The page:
The AUA annual meeting provided learning experiences for Henry Rosevear, MD, on multiple levels. Here are eight observations he brought home from San Diego.

Henry Rosevear, MD

The AUA annual meeting provided learning experiences for me on multiple levels. Here are eight observations I brought home from San Diego.


1. Mentors matter.

None of us would be where we are, whether that’s in the trenches of urology practice or in the hallowed halls of academia, if it was not for our mentors. In San Diego, I was again reminded of the permanent and indelible mark that one mentor left on me. Richard D. Williams, MD, was my chairman in residency and the man who first taught me to be a urologist. More than once he told me that it was every urologist’s responsibility to make a contribution to the field of urology, even though he was well aware that most of us would not end up in academia.



2. Reps also matter.

My practice is currently trying to decide between two competing urologic products. The product is a common urologic medicine with only minor differences in delivery method. I was visiting the Science & Technology Hall while at the AUA and stopped to visit the booth of the first of these products. I chose this booth first for no other reason than I found it first. After having my questions answered, I went to find the other product and as it turned out, it was next door. The rep in that display was less than helpful. She at first denied that her competition offered a patient tracking software system, which they do, and then accused me of being a bad doctor for considering cost of the medicine as part of my decision (even after conceding that they are basically identical products).



3. MRI fusion.

As I mentioned in my pre-AUA meeting article, one of my goals was to learn more about MRI fusion biopsy. My conclusion? Jay Bishoff, MD, the proctor at the plenary session (MRI Fusion Prostate Biopsy: The New Gold Standard for Diagnosis and Staging), nailed it when he stated that MRI fusion biopsy was the future of prostate biopsy; it’s just not quite prime time yet. The data behind its use in the setting of a rising PSA after a negative biopsy is impressive, but I’m unsure how a small practice justifies the six-figure cost when there is no reimbursement for it.


As for me, I intend to follow the white paper that was introduced at the AUA (MRI-Targeted Prostate Biopsy After Prior Negative Biopsy: An SAR-AUA Consensus Statement), which allows for cognitive fusion to be used for now. If and when the AUA changes its opinion on the technology, I likely will too.



4. The future of urology is in good hands.

I had intended on listing all of the great young minds I met while at the AUA but even this online blog has word limits, so I am forcing myself to name only three. (Like awardees at the Academy Awards, I should name everyone because I did not attend a session I did not find incredible.)


All in all, with future leaders like these (and many others), the field is in great shape.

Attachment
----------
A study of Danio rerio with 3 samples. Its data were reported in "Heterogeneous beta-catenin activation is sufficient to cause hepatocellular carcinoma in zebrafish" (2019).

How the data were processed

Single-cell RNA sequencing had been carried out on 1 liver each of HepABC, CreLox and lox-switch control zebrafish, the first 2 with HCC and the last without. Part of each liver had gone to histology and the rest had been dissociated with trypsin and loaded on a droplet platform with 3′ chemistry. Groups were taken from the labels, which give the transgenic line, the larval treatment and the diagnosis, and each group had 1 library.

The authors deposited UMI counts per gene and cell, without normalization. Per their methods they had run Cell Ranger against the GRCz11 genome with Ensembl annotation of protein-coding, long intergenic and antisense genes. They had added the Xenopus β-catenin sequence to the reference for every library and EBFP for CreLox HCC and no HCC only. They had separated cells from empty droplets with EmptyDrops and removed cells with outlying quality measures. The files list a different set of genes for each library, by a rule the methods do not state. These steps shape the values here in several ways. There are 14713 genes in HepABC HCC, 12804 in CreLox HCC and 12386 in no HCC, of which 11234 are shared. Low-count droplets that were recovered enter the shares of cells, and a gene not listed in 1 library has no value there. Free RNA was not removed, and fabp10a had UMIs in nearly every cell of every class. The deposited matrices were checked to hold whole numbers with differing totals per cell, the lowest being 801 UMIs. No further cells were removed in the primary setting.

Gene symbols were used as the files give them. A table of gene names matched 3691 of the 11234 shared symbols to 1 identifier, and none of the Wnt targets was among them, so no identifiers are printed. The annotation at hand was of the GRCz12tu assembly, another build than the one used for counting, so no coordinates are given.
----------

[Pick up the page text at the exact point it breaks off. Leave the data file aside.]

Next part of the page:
5. PSA screening.

Anyone who follows this blog knows I have a strong opinion on PSA screening. I simply don’t understand how, in the long run, ignoring prostate cancer will do anything but return us to the pre-PSA days when the majority of our patients diagnosed with prostate cancer presented with metastatic disease. It boggles my mind.



6. Urethral mesh sling.

With the removal of numerous mesh urethral sling products from the market for legal reasons, I was pleased to learn while talking to one of the true thought leaders in the field that the AUA is currently drafting a white paper supporting the use of mesh for urethral slings for stress urinary incontinence. I applaud this effort and look forward to reading the final product.


On a related note, can anyone explain to me why a vendor hasn’t come up with a cadaveric product that incorporates the trocars that the mesh products use? I was taught to harvest my own fascia for a sling, and one of the greatest downsides of this is that I have to create a retropubic tunnel to support the sling. If a company offered a pre-made product that allowed me to do a single-incision cadaveric sling (similar to the Adjust, for example), even though I would have to concede the durability of cadaver is inferior to mesh, I’d be very tempted to use it.


7. RunPee app.

On a lighter note, I have to share this incredible app, which I heard about at the AUA. Many of our patients have urgency and/or frequency, and one common complaint is that they can’t go to the movies for fear they’ll miss something important when they get up to use the restroom. Never fear, RunPee is here. This website reviews movies and publishes a list of 3- to 5-minute long scenes (timed to allow you someone to make a run to the restroom) in the movie that are selected not to include plot twists or action scenes. They even have an app you can download for discrete usage while in the movie theater. I love urology.


8. The experience.

I love the AUA annual meeting. I don’t hide that fact. For the general urologist, no other conference comes close in terms of breadth of topics covered and the experience of the speakers. Plus, who can complain about spending a long weekend in San Diego? Unfortunately, I am still looking to meet a urologist who practices in Antarctica to complete my goal or meeting a urologist from every continent. There is always Boston next year!